Liquefied natural gas may displace as much as 120,000 barrels a day of oil through 2015 as new Qatari LNG supplies are used to heat homes and fuel power stations in some countries, analysts at JPMorgan Chase & Co. said.
“If the Qataris selectively seek out higher priced Asian markets or emerging markets in Latin America or the Middle East, it is likely they will impact global oil demand growth,” Lawrence Eagles, David Martin, Jeff Brown, Sung Yoo and Ryan Sullivan wrote in a Nov. 1 report. LNG is natural gas chilled to a liquid for transport by ship rather than pipeline.
Qatar, the world’s biggest LNG producer, plans to increase annual production capacity to 77 million tons by next year, equal to 1.9 million barrels a day of oil, JPMorgan said. About 30 million tons a year of Qatari LNG production capacity, equal to 740,000 barrels a day of oil, isn’t tied to long-term contracts and can be diverted to higher-priced markets.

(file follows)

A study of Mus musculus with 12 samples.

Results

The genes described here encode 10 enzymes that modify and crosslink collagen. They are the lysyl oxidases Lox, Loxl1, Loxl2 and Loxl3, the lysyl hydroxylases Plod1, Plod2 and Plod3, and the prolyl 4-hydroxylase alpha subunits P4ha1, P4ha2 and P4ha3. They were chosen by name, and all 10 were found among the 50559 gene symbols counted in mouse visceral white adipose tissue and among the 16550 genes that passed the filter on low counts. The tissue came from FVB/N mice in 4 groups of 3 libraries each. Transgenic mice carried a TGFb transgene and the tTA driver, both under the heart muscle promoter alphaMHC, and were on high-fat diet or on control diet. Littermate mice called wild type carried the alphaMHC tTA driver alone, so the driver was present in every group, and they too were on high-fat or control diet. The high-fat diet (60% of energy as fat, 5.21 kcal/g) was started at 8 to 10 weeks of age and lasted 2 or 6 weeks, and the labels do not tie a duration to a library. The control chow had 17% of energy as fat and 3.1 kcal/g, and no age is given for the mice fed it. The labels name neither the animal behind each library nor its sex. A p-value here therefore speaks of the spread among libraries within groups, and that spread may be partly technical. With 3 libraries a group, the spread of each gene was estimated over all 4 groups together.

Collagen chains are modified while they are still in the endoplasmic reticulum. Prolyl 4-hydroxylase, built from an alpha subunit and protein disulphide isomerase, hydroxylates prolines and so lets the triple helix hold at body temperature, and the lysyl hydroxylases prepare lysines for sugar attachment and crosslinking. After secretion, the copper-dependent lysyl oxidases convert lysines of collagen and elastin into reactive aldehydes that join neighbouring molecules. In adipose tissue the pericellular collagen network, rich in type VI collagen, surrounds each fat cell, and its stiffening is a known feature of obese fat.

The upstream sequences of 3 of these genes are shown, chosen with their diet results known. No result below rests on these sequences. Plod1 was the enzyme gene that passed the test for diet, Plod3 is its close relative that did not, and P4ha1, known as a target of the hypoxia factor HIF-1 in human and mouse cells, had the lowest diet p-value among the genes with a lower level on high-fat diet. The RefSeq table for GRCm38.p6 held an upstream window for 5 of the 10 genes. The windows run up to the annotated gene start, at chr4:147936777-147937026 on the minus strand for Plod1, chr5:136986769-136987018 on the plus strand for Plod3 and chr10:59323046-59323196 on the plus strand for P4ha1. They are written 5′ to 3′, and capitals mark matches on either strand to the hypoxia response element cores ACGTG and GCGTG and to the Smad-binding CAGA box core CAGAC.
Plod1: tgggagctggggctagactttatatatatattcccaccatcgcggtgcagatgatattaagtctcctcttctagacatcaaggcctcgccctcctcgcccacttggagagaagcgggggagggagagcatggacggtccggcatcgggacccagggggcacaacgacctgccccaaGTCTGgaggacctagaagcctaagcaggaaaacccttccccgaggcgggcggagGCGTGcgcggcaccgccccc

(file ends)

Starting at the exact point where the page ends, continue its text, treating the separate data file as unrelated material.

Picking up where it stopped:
LNG sold under long-term contracts is priced in relation to oil while fuel sold on the spot market more closely reflects the price of gas. Oil has risen 94 percent since the end of 2008, reaching $86 a barrel today, while U.S. gas has dropped 33 percent and U.K. gas has fallen 18 percent.
Kuwait has received Qatari LNG that was probably substituted for oil in power generation, JPMorgan said. Brazil is taking 5 LNG cargos a month through November and Argentina and Chile are increasing purchases of LNG, which may help cut consumption of gasoil.
“In every one of these cases, the wide price differential between oil and spot LNG is cited as the key driver, which implies oil substation is taking place,” the analysts wrote. “LNG has the best ability to ‘act’ like oil in that it can be moved long distances to the markets where it is needed and prices are highest.”
Asian markets consumed 28 percent more LNG in August than a year earlier, JPMorgan said. Fuel helped limit the use of oil in power generation and may have cut crude consumption by as much as 150,000 barrels a day.
“It may well be that flexible LNG supplies take some of the ‘stress’ demand for oil out of the equation and reduce some accelerated growth potential for oil,” JPMorgan said.